This feels like one of those headlines you make up by pressing three random buttons. But, no, on the eve of the new Doctor Who episode, legendary fantasy author Michael Moorcock is becoming part of the extended franchise.
The author of the Elric, Eternal Champion and Jerry Cornelius novels, and an inspiration to many creators such as Neil Gaiman, Alan Moore, Wiliam Gibson and Ian Sinclair, posted on his forum that;
Looks like it's official. I'll be doing a new Dr Who novel (not a tie-in) for appearance, I understand, by next Christmas. Still have to have talks etc. with producers and publishers but we should be signing shortly. Should be fun.
Cue one exploding forum of fandom. In response to questions, on both his forum and on Doctor Who sites, Moorcock replied;
1) I've been watching Dr Who since it began. Haven't liked all the doctors and after Peter Davison stopped watching regularly until the new BBC Wales series.
2) Since the Tom Baker series, a lot of my ideas crept into the stories and so in many ways I'll be writing a story which already echoes my own work.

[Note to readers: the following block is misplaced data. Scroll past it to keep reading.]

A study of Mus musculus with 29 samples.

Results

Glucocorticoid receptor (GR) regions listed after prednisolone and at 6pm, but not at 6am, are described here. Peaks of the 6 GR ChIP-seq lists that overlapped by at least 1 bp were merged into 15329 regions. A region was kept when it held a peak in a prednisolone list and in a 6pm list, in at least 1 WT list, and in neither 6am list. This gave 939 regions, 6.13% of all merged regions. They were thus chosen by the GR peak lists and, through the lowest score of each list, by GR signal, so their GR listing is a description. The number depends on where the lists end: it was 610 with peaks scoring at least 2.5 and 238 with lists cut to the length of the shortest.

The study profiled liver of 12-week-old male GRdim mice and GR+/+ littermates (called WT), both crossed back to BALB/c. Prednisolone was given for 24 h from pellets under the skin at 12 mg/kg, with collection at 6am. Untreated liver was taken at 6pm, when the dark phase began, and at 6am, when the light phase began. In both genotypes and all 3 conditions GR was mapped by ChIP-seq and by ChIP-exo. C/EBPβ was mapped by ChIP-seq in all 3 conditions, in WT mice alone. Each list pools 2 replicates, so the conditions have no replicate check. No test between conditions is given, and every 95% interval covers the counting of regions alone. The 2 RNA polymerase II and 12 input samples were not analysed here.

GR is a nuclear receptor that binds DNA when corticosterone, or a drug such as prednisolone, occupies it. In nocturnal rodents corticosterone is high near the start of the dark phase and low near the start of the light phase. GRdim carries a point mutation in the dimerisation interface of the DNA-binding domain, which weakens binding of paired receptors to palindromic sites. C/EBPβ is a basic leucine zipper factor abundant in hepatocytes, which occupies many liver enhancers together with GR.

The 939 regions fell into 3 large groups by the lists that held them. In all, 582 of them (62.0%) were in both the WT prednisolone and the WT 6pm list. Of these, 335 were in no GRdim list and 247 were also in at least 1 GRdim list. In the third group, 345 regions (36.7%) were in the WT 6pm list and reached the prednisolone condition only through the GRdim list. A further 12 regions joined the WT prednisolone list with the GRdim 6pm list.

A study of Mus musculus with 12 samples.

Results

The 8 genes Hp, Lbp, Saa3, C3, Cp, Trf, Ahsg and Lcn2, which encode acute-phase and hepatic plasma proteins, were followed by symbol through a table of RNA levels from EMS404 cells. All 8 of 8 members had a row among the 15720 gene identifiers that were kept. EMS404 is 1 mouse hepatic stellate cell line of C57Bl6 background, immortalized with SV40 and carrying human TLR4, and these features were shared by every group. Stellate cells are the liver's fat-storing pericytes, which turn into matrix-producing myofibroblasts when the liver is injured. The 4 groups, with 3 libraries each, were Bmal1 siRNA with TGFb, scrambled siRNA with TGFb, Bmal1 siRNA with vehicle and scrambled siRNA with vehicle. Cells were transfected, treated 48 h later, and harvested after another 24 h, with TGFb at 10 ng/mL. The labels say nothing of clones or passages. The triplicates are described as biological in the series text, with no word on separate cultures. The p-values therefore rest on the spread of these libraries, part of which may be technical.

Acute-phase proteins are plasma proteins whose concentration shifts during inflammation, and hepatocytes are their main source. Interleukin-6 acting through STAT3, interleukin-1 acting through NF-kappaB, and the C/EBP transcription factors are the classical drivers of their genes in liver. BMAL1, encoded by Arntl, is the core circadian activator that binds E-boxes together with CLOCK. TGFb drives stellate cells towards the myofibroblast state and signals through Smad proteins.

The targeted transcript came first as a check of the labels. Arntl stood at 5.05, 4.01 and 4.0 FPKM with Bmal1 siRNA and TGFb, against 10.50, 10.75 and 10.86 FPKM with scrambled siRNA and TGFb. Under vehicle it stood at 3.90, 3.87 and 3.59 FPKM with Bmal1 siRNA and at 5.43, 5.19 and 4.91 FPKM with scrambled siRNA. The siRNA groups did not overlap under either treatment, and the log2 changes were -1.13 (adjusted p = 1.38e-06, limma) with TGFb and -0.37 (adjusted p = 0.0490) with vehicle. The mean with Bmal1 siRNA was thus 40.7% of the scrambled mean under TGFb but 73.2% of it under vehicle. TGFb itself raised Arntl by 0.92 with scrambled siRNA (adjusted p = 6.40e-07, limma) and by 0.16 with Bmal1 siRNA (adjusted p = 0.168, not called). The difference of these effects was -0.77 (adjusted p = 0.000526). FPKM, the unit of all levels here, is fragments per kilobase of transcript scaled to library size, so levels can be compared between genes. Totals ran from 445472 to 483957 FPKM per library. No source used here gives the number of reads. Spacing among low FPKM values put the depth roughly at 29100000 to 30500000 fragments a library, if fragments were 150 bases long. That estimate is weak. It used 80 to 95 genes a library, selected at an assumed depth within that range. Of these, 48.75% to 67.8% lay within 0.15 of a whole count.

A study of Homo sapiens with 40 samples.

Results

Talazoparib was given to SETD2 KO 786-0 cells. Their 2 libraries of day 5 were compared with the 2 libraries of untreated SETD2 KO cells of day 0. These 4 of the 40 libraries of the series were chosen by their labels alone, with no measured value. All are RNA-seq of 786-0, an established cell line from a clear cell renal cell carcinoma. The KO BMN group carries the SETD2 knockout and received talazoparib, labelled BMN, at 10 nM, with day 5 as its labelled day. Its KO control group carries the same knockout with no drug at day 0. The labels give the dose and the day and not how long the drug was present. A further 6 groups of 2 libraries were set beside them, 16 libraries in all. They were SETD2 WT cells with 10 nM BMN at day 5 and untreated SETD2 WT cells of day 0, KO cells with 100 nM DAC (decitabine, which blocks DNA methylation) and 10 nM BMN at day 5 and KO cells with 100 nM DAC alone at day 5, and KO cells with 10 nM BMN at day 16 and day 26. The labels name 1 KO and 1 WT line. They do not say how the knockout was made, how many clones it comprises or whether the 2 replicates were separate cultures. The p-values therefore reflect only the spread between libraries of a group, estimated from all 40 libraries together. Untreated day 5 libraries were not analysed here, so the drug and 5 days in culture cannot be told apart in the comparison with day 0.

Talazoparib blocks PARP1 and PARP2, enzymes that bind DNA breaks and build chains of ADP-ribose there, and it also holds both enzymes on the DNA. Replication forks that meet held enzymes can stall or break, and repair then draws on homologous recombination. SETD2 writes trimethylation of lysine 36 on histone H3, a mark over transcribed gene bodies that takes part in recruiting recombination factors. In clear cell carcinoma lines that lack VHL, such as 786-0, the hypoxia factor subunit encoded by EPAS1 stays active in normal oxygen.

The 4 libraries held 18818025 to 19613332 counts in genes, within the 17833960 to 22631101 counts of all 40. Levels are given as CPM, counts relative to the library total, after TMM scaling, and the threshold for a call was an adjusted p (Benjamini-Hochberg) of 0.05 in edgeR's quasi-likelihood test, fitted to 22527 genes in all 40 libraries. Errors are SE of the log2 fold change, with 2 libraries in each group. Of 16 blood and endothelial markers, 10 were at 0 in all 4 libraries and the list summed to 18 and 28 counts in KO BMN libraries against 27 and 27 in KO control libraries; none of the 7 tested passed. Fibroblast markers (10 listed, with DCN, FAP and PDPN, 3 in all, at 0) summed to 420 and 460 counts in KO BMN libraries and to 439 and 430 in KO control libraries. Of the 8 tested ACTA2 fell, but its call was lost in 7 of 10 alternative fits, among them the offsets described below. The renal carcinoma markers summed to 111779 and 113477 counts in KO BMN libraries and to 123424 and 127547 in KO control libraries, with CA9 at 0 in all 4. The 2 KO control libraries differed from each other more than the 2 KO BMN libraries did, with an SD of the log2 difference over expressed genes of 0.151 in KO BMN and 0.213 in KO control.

3)I do have to submit it to editors so they can make sure it fits into the canon and this, of course, is understandable. By saying it wasn't a tie-in I did, of course, mean that it would be an original novel, not one which was linked to previous stories.
I share an enthusiasm for the current Dr Who broadcasts with quite a few friends who are 'literary' novelists and I sense in some of the Gallifrey remarks a suspicion of the 'outsider' which you used to get when someone with a reputation as a non-sf writer would decide to write an sf novel. All I can answer to this is 'wait and see'. I'm certainly not a non-watcher! Neither am I someone who ascribes a kind of religiosity to an enthusiasm. This phenomenon crops up a lot, these days associated with sf/fantasy, LOTR, H.Potter, Twilight and so on. I hate these presumptions of exclusivity either in my own corner of the literary world or elsewhere. Mike Kustow, once director of the Royal Shakespeare Co, described this as 'the anxious ownership syndrome', when faced with his first confrontation with sf fandom in Brighton 1968. He'd found the same sort of expression with Shakespeare fans when someone from 'outside' showed an interest.
I've been asked to write Dr Who scripts or stories almost since the series began, because I was known to enjoy Dr Who. Only recently did the time feel right to me to do one. I'm going to enjoy that, too.
Remarkable. Quite remarkable. Makes the whole Neil Gaiman-writing-Doctor-Who-Season-Five-episode much more likely in comparison, no?